She is regarded as a “chronicler of everyday life in a dictatorship”. When the Romanian-German author Herta Müller writes about oppression, fear and persecution in her novels, she knows exactly what she is talking about, because she experienced it first hand under the Romanian dictator Ceausescu.
Literary places are inner places, far away from geography.
– Herta Müller
Herta Müller was born in the Banat-Swabian part of Romania in 1953. Her mother tongue is German; she first learned Romanian at high school. After studying German and Romance languages, she started her career in 1976, working as a translator at an engineering factory. Her refusal to cooperate with the intelligence services marked the beginning of her life of suffering: interrogation, surveillance, periods of unemployment, later a ban on travelling and publishing. She was a member of the Banat Action Group, an association of Romanian-German authors who, as a German-speaking minority in a dictatorship, pursued a policy of all-German literature. In 1975 the group was dissolved and persecuted.
In 1987, the writer moved to the Federal Republic of Germany. Today, she lives in Berlin. With DAAD support, she taught as a guest lecturer at Warwick, UK, in 1993, then at the University of Lisbon, Portugal, in 1995. Her novels, like Der Fuchs war damals schon der Jäger (1992), and The Land of Green Plums (Herztier, 1994), as well as her collection of essays, Der König verneigt sich und tötet (2003), deal with physical and mental states in a totalitarian regime, with the perpetrator generation of parents and with emigration. Similarly, her book Vater telefoniert mit den Fliegen, published in 2012, tells of flight, violence, homesickness and uprooting. Yet she is not only concerned with experience in Romania. In a lecture on poetry she says: “Poetic places are internal places, far away from geography.”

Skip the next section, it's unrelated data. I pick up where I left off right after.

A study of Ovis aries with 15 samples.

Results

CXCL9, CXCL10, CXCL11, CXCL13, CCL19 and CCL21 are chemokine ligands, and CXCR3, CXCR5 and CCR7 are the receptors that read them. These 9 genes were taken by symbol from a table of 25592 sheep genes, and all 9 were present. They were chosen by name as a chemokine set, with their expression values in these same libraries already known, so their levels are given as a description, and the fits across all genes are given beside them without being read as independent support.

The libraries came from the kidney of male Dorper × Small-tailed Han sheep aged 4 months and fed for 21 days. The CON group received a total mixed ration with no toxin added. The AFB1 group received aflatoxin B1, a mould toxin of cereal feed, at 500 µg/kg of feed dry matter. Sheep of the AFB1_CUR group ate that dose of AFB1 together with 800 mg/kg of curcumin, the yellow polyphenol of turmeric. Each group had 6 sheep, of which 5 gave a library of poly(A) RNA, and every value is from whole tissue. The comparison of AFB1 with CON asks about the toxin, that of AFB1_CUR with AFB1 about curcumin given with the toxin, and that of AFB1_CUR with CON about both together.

In May 2004 the author, who already holds many awards and prizes, received the Konrad Adenauer Foundation Prize for Literature in Weimar, worth 15,000 euros. Stating their reasons for conferring the award, the jury stated that she had “protested against decreed thinking and the incapacitation of speech,” and had “committed herself to fundamental democratic values.” In 2005 she received the Berlin Prize for Literature, and in 2006 was presented with the Würth Prize for European Literature and the Walter-Hasenclever Prize for Literature.
In 2007/2008, the author received a scholarship awarded by the International Art House Villa Concordia in Bamberg. In 2009 Müller received the Ehrengabe (Testimonial) of the Heinrich Heine Society and the Franz Werfel Human Rights Award. In the same year the Academy of Sciences in Stockholm awarded Herta Müller the Nobel Prize for Literature. In 2010 she received the Grand Cross with Star for Distinguished Service of the Order of Merit of the Federal Republic of Germany. In 2011 she was awarded the Monismanien Prize, which honours personalities and institutions who champion the uncensored right to freedom of expression. In 2012 Herta Müller received an honorary doctorate from the Faculty of Arts and Humanities at Paderborn University, and in June 2015 the City of Cologne decided to award her the Heinrich Böll Prize.